DAYTON — Ohio reported two more illnesses in a deadly fungal meningitis outbreak linked to a Massachusetts compounding company, bringing the state’s total to 13 cases as it cracks down on pharmacies that custom-mix prescriptions.
Cases involving a 39-year-old Clermont County man and a 56-year-old Warren County woman were added to those previously reported in Crawford, Franklin, Hamilton, Marion and Morrow counties, the Ohio Department of Health said Monday. Federal officials have listed 25 deaths and more than 330 illnesses in the outbreak linked to back injections made by a specialty pharmacy.
Jesse L. Wimberly, pharmacy inspector for the Ohio State Board of Pharmacy, said Ohio has 17 specially designated compounding pharmacies statewide. They’re usually inspected at least once every three years, though inspectors will go more often if there are complaints or reported violations.
“Now we’re going to every one of these pharmacies that are designated for compounding,” Wimberly told the Dayton Daily News for a story published Monday.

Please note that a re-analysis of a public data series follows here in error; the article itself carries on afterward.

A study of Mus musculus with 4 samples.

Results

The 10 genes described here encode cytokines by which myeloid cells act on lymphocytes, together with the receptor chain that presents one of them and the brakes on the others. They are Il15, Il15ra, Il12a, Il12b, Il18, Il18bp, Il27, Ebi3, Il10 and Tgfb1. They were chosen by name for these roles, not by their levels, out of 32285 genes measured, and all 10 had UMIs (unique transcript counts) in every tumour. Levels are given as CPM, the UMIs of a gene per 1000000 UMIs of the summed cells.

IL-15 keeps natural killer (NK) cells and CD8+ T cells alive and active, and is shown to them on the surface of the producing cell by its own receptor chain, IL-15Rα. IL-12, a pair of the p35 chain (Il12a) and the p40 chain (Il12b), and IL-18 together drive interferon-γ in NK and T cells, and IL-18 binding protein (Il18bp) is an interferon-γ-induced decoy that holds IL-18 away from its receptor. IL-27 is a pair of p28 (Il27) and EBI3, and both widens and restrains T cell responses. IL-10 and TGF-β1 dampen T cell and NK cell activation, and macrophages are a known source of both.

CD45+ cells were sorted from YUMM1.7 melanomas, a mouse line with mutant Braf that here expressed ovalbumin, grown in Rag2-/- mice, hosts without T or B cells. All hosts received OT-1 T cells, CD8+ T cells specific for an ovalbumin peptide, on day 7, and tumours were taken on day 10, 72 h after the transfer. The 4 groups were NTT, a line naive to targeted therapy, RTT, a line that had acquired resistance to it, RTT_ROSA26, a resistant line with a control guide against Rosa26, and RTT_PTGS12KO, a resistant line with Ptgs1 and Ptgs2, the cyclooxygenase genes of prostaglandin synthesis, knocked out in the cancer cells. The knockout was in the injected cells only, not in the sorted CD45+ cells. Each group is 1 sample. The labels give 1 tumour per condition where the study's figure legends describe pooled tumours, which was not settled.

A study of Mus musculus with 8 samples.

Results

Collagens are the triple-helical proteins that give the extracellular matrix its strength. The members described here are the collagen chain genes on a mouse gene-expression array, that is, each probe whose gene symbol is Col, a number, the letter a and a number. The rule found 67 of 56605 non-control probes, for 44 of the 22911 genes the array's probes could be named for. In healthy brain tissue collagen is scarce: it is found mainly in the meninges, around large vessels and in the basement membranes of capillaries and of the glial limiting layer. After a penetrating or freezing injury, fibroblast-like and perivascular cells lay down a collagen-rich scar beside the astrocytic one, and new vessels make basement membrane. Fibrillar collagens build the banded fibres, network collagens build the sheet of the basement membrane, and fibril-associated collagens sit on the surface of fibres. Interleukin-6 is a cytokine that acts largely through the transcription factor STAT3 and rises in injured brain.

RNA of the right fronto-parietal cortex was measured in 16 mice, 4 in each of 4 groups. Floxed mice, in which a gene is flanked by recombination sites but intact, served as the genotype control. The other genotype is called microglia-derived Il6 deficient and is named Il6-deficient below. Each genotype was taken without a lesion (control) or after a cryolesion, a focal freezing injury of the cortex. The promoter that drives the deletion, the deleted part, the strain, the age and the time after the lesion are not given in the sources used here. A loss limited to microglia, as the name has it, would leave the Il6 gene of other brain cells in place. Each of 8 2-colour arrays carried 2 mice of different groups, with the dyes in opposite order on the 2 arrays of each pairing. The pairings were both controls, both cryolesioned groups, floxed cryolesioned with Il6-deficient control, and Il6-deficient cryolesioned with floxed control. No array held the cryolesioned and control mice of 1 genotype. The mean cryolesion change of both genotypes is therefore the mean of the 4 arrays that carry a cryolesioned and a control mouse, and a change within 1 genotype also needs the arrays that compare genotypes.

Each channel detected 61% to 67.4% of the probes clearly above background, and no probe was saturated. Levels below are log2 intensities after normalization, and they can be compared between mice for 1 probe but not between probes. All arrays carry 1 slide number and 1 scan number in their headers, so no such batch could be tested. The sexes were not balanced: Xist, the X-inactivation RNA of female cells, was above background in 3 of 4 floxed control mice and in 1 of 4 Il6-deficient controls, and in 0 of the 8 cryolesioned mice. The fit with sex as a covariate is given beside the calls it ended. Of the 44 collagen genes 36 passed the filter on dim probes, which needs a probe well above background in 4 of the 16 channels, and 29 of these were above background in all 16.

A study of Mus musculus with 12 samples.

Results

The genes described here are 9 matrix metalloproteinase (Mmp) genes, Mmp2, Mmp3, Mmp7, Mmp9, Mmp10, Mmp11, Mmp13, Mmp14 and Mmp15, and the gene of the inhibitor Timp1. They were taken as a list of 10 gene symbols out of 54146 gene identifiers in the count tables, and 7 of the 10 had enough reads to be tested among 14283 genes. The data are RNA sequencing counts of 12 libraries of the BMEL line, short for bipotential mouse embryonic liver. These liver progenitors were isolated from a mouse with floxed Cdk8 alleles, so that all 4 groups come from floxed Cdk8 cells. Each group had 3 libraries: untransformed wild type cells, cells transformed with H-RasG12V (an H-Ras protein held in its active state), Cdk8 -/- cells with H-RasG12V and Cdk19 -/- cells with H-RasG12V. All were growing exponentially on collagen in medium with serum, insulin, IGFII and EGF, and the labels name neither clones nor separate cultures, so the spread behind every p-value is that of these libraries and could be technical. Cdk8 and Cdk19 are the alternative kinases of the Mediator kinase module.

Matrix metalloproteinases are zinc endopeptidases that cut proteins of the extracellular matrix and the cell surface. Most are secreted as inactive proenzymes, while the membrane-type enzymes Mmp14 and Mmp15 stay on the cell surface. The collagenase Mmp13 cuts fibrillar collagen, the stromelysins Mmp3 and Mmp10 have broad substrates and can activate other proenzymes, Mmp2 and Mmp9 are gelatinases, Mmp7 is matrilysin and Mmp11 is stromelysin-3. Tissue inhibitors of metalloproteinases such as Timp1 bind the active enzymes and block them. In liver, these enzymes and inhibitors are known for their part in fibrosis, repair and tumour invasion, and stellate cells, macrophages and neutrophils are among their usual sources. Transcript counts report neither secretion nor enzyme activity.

Wimberly said the state now requires pharmacies to specify how much of their business is strictly retail sales and how much is mixing up custom preparations. And they have to be able to demonstrate that they meet cleanliness standards and show that their products are being prepared for specific patients — not mixed up in advance and set aside to fill future orders.
“The issue we’re having now is, are you doing patient-specific compounding,” Wimberly said. “We don’t do manufacturing. We do compounding for specific patients. We check the records and make sure that they’re in compliance so that when you get a prescription it’s for a specific person and you’re compounding that prescription for that person and giving that prescription to that person.”
Not being able to link prescriptions to specific patients is one of the issues officials are finding in the investigation of the New England Compounding Center in Framingham, Mass., he said.
Since news broke of the problems at the Massachusetts pharmacy, Ohio has ordered the closure of a compounding pharmacy in Piqua, north of Dayton. On Oct. 19, the state ordered JAH Pharmacies Inc. to close after issuing 29 citations, most for failure to meet cleanliness standards or for having outdated drug stock.
In Massachusetts, state pharmacy regulators started to conduct surprise inspections at compounding pharmacies last week. State officials announced over the weekend they had shut down one such pharmacy over sterility concerns.